Plants Safe for Chickens
What won't hurt them & what's good for them


Two years ago we fenced in the raised beds to keep the chickens out and save my garden during the growing season. This was good protection for the food plants, but they still got into all my flower beds and pooped all over the deck. I decided that total free range just wasn't going to work around here.

So last year we made a huge improvement and fenced in the chickens. The fence borders my raised garden beds and encompasses the barn and chicken house. The enables me to easily throw weeds and over-ripe fruit and veggies out of the garden and over the fence to the chickens. When I'm in the garden they pace up and down the fence to see what treats may be coming their way! Don't feel sorry for them being "cooped up" - they have lots of nice open space plus an acre of so of woods with a spring. What more could a chicken want?



Well.... I decided the chicken yard is boring. They have a cute big house but their yard - and what I can see of course - is pretty boring for me to look at. So I decided I needed to put some plants in there, not only to dress up the area a bit bit, but perhaps serve double duty to provide them some extra food and/or some bug control. The photo at right is year one, where I tried to put a few plants around but that wasn't enough to make me happy.


Last year I put forth a little more effort. I spray painted some 5 gallon buckets and stuck planters inside of them. The buckets are tall enough that they can't easily eat what grows in there so long as it's an upright plant. I did make an effort to grow things that either they wouldn't eat or wasn't toxic to them.



I grew some tansy in those buckets up against the coop wall as it helps control bugs and adds vertical interest. The chickens don't bother trying to eat it. I'll be adding in the chicken yard. In my experience it is best to plant in containers as it's not as fun for the chickens to try and dig up. They may try, and sometimes they succeed, but I've found this is your best bet. The taller the container the less likely they are to show an interest. If you look at the photo at left, I took chicken feed bags, put a couple of bricks in the bottom then added 5 gallon buckets with holes in them. The edge of the bag is not a place a chicken can stand on so they just left them alone.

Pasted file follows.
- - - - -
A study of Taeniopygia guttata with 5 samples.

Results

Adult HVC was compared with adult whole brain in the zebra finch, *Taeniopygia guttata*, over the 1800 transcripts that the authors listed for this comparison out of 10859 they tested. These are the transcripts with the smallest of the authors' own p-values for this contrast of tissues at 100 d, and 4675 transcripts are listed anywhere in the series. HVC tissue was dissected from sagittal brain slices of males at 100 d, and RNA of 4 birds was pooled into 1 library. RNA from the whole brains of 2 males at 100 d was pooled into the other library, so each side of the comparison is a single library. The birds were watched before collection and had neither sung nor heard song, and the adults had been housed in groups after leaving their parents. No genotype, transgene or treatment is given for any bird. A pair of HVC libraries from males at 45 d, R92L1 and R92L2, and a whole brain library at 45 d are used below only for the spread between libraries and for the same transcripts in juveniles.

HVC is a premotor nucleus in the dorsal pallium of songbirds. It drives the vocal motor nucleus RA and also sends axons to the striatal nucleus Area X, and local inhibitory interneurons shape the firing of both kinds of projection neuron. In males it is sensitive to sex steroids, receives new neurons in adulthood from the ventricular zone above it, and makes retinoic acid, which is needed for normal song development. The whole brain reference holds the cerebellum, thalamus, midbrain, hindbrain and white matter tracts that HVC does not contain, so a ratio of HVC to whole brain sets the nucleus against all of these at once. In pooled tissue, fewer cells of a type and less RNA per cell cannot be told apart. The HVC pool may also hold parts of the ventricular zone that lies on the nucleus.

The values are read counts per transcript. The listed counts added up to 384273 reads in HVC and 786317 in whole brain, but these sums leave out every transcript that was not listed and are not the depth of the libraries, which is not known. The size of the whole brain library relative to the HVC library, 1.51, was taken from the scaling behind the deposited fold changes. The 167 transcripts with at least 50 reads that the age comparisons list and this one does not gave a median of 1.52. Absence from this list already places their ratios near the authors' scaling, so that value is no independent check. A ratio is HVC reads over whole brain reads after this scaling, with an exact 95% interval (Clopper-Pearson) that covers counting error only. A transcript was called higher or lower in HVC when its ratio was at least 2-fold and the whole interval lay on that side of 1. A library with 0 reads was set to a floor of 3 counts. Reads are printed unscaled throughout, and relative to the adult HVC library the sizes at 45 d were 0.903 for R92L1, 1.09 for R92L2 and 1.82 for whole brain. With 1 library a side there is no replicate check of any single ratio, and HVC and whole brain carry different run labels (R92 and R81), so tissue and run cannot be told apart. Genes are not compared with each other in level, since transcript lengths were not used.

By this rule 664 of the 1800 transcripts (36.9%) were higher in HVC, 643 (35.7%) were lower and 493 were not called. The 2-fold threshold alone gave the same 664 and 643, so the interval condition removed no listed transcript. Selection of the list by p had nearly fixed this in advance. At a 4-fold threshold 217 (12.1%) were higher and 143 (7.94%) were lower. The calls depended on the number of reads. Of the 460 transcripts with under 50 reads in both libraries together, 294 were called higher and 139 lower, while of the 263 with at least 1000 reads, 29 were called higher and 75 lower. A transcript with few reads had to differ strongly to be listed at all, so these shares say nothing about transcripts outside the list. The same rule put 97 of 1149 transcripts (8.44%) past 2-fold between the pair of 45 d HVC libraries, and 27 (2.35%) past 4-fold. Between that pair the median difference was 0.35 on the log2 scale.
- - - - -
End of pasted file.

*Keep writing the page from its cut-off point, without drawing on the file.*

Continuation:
Right now I'm planning out what I'll grow in the pots and in a couple of raised beds I've created in the chicken yard. Through research and past experience, here are some plants

* Nasturtium (both flowers and leaves are edible and they're believed to be a natural wormer with antibiotic properties

* Basil
* Mint (which comes in many flavors and is a perennial here). Mint is supposed to deter mice.
* Bee Balm, which is a member of the mint family, grows tall and has pretty flowers
* Lemon Balm
* Marigolds
* Sunflowers
* Dill
* Basil
* Parsley, Sage, Rosemary and Thyme!
* Oregano
* Lavender
* Yarrow
* Amaranth
* Peanuts
* Catnip
* Lemon Grass
* Ginger
* Tarragon
* Garlic
* Cilantro
* Pineapple Sage (a personal favorite; grows very tall and has gorgeous red flowers late in the season)
* Day Lily
* Echinacea
* Impatiens
* Petunias
* Zinnia
* Black Eye Susan vine
* Gardenia
* Day Lilies

Our chicken yard has several fruit trees and berry plants: peach, apple, cherry, nectarine, figs, mulberry, blackberry, raspberry, goji berry and strawberries. These provide shade and places to hide, and the chickens eat the fruit that falls.

We keep the compost bin in the chicken yard. All the kitchen waste goes in there including veggie scraps, paper napkins, egg shells, etc. along with the old straw we rake out of the coops, droppings we scrape from the roosts and the like. They LOVE to get in the compost bin looking for treats to eat and hunt for the worms that are breaking down the compost materials. While they're in there they add more poop and efficiently mix up anything that's added to the compost so I don't have to turn or stir it up too often.